At the time of a divorce, you are confronted with several decisions that will sooner or later influence your financial situation. This post highlights how to prevent some of those standard financial mistakes divorcing couples make. It is important to get valid financial counsel from an expert, even though you may be capable of handling these concerns yourself.
Mistake #1 – Failing to Understand Your New Financial Situation
Formulate a monthly budget that gives a detailed picture of your income versus your expenses. Many people know what their salary is monthly, but they still cannot give an account of how that money was spent. When developing your budget, take into consideration inflation since you may not be able to keep up a quality lifestyle if you minimize your future costs by purposely disregarding inflation.
Mistake #2 – Keeping a House You Cannot Afford
Many people would conclude that the custodial parent should be the one who gets the family residence, primarily when children are included. This is not always a cost effective decision, especially if you have to let go of everything you own for the sake of holding on to your home. This is a sign that you are headed for a financial downfall.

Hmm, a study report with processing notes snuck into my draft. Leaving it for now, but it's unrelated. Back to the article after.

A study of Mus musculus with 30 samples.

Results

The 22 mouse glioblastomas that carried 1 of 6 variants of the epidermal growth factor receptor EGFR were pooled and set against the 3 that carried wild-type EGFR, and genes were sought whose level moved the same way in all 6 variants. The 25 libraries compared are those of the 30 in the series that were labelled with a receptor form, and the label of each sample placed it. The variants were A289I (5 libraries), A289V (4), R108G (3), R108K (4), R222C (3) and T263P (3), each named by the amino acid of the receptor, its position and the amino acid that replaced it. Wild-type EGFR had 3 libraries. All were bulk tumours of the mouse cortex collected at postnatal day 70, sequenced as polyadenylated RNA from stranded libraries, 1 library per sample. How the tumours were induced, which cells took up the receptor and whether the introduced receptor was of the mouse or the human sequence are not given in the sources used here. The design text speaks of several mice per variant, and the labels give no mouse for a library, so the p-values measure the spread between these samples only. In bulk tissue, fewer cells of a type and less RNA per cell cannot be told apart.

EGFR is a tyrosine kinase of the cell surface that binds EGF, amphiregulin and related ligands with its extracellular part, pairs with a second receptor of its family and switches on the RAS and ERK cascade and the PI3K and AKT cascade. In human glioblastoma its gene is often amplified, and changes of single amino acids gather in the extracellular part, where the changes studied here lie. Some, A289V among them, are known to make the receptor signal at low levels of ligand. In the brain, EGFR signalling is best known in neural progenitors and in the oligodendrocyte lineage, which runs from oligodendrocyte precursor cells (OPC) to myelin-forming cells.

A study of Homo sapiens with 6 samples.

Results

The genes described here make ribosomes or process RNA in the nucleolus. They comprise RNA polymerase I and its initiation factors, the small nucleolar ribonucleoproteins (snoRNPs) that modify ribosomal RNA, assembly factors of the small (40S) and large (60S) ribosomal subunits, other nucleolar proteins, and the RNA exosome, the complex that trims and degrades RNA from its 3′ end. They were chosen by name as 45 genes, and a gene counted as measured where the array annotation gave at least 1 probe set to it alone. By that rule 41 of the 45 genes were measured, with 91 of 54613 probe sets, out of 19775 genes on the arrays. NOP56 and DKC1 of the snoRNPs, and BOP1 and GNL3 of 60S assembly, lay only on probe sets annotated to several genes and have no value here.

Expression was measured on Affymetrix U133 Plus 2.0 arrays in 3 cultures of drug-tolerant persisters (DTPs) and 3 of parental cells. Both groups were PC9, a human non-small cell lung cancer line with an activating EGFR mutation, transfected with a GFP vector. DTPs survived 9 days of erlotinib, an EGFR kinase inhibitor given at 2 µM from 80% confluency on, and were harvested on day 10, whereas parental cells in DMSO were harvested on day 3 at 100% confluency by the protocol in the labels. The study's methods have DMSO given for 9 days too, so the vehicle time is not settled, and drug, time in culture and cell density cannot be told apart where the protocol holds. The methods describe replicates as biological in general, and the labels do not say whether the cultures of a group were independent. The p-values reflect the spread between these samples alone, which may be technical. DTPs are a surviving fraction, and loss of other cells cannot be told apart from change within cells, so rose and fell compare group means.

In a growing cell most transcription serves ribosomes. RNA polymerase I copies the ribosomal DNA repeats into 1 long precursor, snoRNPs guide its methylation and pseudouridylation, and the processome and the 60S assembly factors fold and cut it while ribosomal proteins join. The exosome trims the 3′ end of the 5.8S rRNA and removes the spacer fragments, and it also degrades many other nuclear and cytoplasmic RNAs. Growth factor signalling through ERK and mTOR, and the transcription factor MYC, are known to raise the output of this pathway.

Mistake #3 – Improperly Valuing Assets in the Negotiation
When negotiating your divorce, make sure that you are comparing like items and take notice of transaction costs, present value and tax basis of your assets. In the long run, an income-producing asset’s future benefit can outweigh its current market value. One spouse can end up with a greater advantage since an asset is not automatically represented or restricted by its market value.
Mistake #4 – Trying to Divide Each Individual Asset 50/50
An in depth view of your finances will help you settle your divorce in a civilized manner and help you to better understand how to divide your assets and liabilities. Deciding to address your financial issues one by one is not always favorable since you have a higher chance of missing something.
Mistake #5 – Failing to Obtain the Proper Insurance Coverage
Safeguard your child support and alimony payments with life insurance and a disability policy. Acquiring or changing existing insurance coverage guarantee that in the event of death or disability, payments will be made. If your spouse stops paying voluntarily, the policies would not help you. You will need to go to court to have the support enforce.